Don’t Buy Music; Don’t See Movies

If SOPA or PROTECT IP pass, you won't just be seeing Internet censorship in school anymore.

The entertainment industry in the United States is one of the most influential industries in America, despite only making up a small percentage of the GDP (Gross Domestic Product). Between the RIAA (Recording Industry Association of America) and the MPAA (Motion Picture Association of America), the entertainment lobby is one of the most powerful in the country. Despite stated goals of protecting First Amendment rights, these organizations are currently pushing for the passage of a bill that would give the federal government the ability to effectively pull any site from the internet and control what parts of the internet U.S. citizens are allowed to visit.


Two versions of the bill are currently circulating the House and Senate; SOPA (Stop Online Piracy Act) and the PROTECT IP act. In the name of protecting the intellectual property of corporations and individuals, both acts would give the Department of Justice the power to seek court orders against websites outside U.S. territorial jurisdiction, and to require Internet service providers, ad networks, search engines, and sites like Paypal to cease doing business with any site accused of infringing or facilitating the infringement of copyright, and prevent access to the target site.


One of the main ways to prevent access to a blocked domain is through DNS blocking. DNS (Domain Name System) servers take a url like and translate it into an IP address assigned to that system. DNS blocking requires the servers to intercept the url and prevent a connection to the IP address. This is the system used in Cuba and China to censor the Internet. Because of the global nature of the Internet, DNS blocking often causes problems for other Internet users. Chinese censorship has blocked users in America and South America from accessing Twitter or Facebook. In 2008, a Pakistani attempt to block a YouTube video briefly blocked the entire site for two thirds of the Internet.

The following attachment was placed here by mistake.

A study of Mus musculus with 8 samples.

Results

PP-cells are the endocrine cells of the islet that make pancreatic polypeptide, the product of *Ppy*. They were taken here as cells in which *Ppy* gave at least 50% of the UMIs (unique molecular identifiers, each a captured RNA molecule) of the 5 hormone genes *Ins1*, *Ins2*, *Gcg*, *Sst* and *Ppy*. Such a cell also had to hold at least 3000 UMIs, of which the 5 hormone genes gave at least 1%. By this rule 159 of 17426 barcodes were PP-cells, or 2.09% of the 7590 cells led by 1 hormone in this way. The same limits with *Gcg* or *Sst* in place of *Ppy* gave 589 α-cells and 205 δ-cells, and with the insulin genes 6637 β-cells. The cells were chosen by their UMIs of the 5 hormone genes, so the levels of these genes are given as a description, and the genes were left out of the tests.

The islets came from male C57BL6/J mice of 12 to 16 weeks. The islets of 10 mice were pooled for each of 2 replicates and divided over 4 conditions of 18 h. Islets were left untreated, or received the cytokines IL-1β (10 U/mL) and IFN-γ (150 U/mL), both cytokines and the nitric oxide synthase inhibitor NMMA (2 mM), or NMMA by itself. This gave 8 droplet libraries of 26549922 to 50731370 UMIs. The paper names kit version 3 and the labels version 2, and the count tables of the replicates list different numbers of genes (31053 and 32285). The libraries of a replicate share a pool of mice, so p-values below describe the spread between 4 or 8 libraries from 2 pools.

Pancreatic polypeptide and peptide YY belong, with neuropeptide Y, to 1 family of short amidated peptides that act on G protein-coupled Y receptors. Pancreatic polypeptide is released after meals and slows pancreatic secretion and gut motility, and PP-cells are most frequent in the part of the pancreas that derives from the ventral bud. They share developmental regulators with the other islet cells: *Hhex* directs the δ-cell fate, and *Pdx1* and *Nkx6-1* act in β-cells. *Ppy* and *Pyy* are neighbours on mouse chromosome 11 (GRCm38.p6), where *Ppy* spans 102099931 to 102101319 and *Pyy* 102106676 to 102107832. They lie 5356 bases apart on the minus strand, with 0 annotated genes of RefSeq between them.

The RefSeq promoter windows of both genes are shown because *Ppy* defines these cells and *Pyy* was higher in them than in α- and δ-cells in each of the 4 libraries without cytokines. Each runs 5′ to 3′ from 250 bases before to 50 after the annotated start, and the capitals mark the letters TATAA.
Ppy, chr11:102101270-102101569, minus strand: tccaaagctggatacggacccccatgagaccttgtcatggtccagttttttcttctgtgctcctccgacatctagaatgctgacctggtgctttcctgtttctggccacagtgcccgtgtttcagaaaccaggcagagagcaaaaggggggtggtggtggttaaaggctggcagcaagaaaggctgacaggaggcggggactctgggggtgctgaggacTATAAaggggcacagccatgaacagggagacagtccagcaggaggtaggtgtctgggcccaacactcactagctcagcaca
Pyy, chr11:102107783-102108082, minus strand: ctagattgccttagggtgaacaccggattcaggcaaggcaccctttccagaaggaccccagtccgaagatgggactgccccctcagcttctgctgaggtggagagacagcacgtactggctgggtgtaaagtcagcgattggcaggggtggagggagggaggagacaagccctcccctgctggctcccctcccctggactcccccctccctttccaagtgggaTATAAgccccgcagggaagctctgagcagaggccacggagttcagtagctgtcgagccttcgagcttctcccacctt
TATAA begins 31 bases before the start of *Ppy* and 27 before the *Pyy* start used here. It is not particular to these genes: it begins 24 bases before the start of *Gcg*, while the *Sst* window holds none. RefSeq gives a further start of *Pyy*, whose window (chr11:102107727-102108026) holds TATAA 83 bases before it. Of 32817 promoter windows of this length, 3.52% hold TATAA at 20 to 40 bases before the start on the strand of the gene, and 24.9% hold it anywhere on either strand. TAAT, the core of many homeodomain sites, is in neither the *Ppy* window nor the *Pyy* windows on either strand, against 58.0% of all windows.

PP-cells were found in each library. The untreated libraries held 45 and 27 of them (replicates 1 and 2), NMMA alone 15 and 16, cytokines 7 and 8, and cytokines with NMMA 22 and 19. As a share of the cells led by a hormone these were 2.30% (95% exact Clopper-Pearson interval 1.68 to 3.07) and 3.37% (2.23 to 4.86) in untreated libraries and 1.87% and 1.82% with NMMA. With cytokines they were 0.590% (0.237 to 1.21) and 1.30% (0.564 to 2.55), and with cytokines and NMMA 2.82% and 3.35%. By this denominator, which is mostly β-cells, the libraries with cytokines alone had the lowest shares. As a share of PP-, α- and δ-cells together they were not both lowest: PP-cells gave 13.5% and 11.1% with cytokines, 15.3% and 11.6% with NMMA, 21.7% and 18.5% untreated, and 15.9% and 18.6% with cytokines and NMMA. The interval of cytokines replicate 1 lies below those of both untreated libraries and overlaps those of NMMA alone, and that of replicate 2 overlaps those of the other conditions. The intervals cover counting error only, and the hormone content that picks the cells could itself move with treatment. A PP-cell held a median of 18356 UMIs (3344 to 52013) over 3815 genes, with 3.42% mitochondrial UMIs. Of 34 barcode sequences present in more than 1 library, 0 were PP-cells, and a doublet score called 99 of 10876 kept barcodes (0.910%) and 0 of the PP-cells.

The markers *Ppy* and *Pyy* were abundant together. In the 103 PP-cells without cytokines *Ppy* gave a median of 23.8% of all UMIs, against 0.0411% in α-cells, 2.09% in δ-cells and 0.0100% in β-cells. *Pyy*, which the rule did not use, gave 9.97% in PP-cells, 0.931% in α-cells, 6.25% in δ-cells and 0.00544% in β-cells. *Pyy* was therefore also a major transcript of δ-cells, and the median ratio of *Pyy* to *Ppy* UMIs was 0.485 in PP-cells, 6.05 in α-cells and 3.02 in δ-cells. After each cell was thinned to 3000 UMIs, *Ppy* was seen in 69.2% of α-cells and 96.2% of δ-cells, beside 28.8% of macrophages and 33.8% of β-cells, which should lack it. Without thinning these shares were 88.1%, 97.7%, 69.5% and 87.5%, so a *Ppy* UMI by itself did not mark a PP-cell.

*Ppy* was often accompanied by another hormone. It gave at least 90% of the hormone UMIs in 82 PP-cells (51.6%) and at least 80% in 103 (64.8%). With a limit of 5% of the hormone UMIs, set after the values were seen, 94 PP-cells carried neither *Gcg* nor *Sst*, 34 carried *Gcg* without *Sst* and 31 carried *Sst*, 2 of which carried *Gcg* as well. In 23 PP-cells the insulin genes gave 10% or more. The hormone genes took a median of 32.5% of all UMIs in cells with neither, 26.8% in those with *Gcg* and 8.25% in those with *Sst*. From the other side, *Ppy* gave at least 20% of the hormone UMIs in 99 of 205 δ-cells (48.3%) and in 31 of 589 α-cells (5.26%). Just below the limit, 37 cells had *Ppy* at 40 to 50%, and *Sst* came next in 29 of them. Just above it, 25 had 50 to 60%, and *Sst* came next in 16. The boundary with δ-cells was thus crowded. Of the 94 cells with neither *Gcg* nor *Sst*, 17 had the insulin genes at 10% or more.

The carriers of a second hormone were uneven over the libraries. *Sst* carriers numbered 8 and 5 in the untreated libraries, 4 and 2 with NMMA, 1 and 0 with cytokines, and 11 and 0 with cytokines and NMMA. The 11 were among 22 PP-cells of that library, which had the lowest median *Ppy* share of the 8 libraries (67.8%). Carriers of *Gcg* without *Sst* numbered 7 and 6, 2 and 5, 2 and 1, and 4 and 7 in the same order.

Any site can have a court order filed against it, leaving the stability of the internet in the hands of federal judges across the U.S. If this bill passes, Social Networking sites would have to become highly restrictive of link sharing, lest they risk enabling piracy. SItes like DropBox and other data storage companies would probably cease doing business with the U.S., to avoid lawsuits. The Department of Justice an institution that has supported torture and warrant-less wiretapping will now be able to control what sites we visit, what we read, and what we watch. All to increase the bottom-line of the entertainment industry.


PROTECT IP and SOPA are the most dangerous bills in Congress since the Patriot Act. And if you’ve been to the movies, bought music off iTunes, used Netfix or Hulu or Spotify, you’ve put money into the pockets of the people who wrote it. The RIAA and MPAA won’t stop trying to censor the internet as long as they think it hurts their business. If you like the free, open internet that’s brought people together and organized protests that brought down dictatorships, then boycott business’s that are members of either organizations.



Hi! My name is Luke Thacker and I'm a Senior at Mac! I'm heavily involved in newspaper (duh). Feel like I've written something really dumb and want to correct me? Rant angrily at how wrong I am? Maybe give a little bit of praise? Scroll down to comment on my story!